Singer-Songwriter Timothy Carroll on How Being in a Band is Like Running a Business

The Holy Holy frontman doesn’t do late, thank you very much.

They may call Australia home, but for musicians Timothy Carroll and Oscar Dawson, it was a few fateful creative collisions in Stockholm and Berlin that became the truly defining moments for their future careers.

Singer-songwriter Timothy and guitarist Oscar joined forces in 2011 to form indie band Holy Holy and what was then a writing project to pass time and enjoy the art of creating, has evolved into something quite unlike its small beginnings: the duo have since carried their musical ventures from the stairwells of Stockholm onto stages in Australia and the UK.

Their album When the Storms Would Come, released in July 2015 debuted at #11 on the ARIA chart and hit the top 10 on iTunes. Having toured nationally with Vance Joy, Boy & Bear and The Preatures, the ensemble, now combined with drummer Ryan Strathie, bassist Graham Richie and producer-turned-band-mate Matt Redlich on the keys, are taking on stages around Australia for the Darwinism Tour in November. Here’s how they’ve created a unique sound, made sure to manage their management and what they consider the best advice for aspiring musicians.


How was the Holy Holy sound created?
Each of the players have a bit of their own voice in the song, so Oscar has a really signature guitar playing style which is made up of a few different sort of hallmarks or a few different trademark kind of moods. Ryan Strathie, our drummer, is a very inventive player and the drums parts are quite detailed. If you listen a lot, you kind of find that he is often building these patterns as the song progresses, and me [Tim] coming from a songwriter background where it was always about the lyrics and the melodies and trying to reach people through voice [is] something that I have tried to continue to do. And there’s also Matt Redlich, our producer, who plays a particular synth which has a certain sound. I guess it’s just a combination of all those different people that come together and when we play together it sounds like Holy Holy.


What was your approach to choosing the right record label?
The real key there was finding a manager. We tried a few different people and then we found our manager currently now, who’s a woman called Jess Beston and she’s been great. I guess you just have to take a risk on someone. One thing about Jess is she works really f**king hard on the band and that’s something that can be hard to find in a manager, and it is also a lot to expect in a manager because in the Australian scene, it can be a pretty loveless task. There is very little money involved until the band is quite successful, so they’re kind of investing in you as well.

One nice thing about Wonderlick, which is a Sydney-based label, [is] they were just really upfront from the start. They weren’t playing games with us – they came to the show and they showed an interest. Pretty much the first time I met them they were really open and they were like, ‘We love the band and we’re definitely going to be making an offer’ and that was nice, rather than some other labels which can be a bit like, you …have to prove yourself. They just put it out on the table that they connected with the music and thought we had potential and it’s what felt good from the start.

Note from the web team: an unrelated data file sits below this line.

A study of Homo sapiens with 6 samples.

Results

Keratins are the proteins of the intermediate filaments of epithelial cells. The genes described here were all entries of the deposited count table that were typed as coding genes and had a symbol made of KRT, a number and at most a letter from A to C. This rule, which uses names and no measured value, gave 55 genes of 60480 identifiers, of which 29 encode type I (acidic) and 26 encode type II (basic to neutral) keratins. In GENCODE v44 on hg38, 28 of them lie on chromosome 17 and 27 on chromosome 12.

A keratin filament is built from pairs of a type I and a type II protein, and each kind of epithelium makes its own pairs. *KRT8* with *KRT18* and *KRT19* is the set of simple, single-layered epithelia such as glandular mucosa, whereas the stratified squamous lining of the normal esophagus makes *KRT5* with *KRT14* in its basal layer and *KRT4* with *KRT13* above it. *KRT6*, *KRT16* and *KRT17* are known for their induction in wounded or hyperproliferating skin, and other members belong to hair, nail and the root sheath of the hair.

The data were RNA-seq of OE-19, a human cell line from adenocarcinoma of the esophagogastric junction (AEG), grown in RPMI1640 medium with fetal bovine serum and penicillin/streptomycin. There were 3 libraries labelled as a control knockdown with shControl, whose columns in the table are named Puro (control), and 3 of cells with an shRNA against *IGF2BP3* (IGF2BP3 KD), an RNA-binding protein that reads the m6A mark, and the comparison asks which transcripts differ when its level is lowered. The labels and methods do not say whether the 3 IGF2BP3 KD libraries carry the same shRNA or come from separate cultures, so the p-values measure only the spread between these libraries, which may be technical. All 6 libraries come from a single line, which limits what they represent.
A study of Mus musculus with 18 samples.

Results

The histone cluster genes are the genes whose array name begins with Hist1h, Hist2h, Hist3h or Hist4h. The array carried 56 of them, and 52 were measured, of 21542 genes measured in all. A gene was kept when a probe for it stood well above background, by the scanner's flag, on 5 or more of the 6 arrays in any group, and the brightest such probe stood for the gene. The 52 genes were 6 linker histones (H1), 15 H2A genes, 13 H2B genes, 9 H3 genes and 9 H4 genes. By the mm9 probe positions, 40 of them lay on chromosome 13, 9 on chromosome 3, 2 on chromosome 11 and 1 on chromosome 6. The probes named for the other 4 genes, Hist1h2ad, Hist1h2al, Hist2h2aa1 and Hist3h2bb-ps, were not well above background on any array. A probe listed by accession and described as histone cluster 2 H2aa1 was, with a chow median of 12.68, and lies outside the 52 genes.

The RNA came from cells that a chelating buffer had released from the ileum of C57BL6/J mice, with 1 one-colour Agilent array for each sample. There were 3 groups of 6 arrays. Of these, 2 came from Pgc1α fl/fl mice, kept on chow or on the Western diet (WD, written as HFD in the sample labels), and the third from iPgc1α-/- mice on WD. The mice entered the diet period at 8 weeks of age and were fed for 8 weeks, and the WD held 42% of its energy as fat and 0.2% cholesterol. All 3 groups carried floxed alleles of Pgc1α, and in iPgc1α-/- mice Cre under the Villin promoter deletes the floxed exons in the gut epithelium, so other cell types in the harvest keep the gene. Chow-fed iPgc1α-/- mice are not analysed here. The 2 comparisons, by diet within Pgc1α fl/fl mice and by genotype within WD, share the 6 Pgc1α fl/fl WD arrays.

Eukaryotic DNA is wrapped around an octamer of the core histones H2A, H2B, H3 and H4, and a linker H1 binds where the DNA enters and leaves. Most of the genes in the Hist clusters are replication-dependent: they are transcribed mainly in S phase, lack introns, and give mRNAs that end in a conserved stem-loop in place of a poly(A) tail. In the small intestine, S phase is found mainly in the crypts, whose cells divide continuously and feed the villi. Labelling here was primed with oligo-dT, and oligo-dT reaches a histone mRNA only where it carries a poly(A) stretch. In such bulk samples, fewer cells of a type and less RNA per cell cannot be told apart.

What was the breakout point for the band?
Things definitely changed when we got our first song on the radio, Impossible Like You on rotation on Triple J. That I think was a bit of a key turning point for the band. Suddenly, there were more doors open, like agents and labels and venues and support. We had this idea that we’d release the EP, do a bunch of touring and build our audience and then release the album. So each of those tours, like the Boy & Bear tour was a really special one, I feel like a lot of our current fans were people who saw us on that run.


What advice would you give aspiring musicians?
Sometimes there’s this stereotype that exists like musicians are hopeless and that musicians are always late or they’re always unreliable, like ‘he’s a typical musician’. I don’t think that’s [the] truth – just like anything in life like hard work, good communication and striving for excellence is kind of really where you want to have your head at… surrounding yourself with good people. Being in a band is kind of like running a business and it can be as intimate as being someone’s lover in a way, so you want to find people who you trust and who you respect musically and from the start and kind of build a team like that.

Whenever you’re thinking about whether or not a show is a good idea, think about if you would go to that show – if you heard about that line up and that venue on that night for that price, would you think, ‘Yeah, that’s something I would want to be involved in’. Never do a show that seems like not the kind of thing you want to be at. Never get people coming to shows out of guilt or because they’re trying to support you. You want to make art be what draws people in.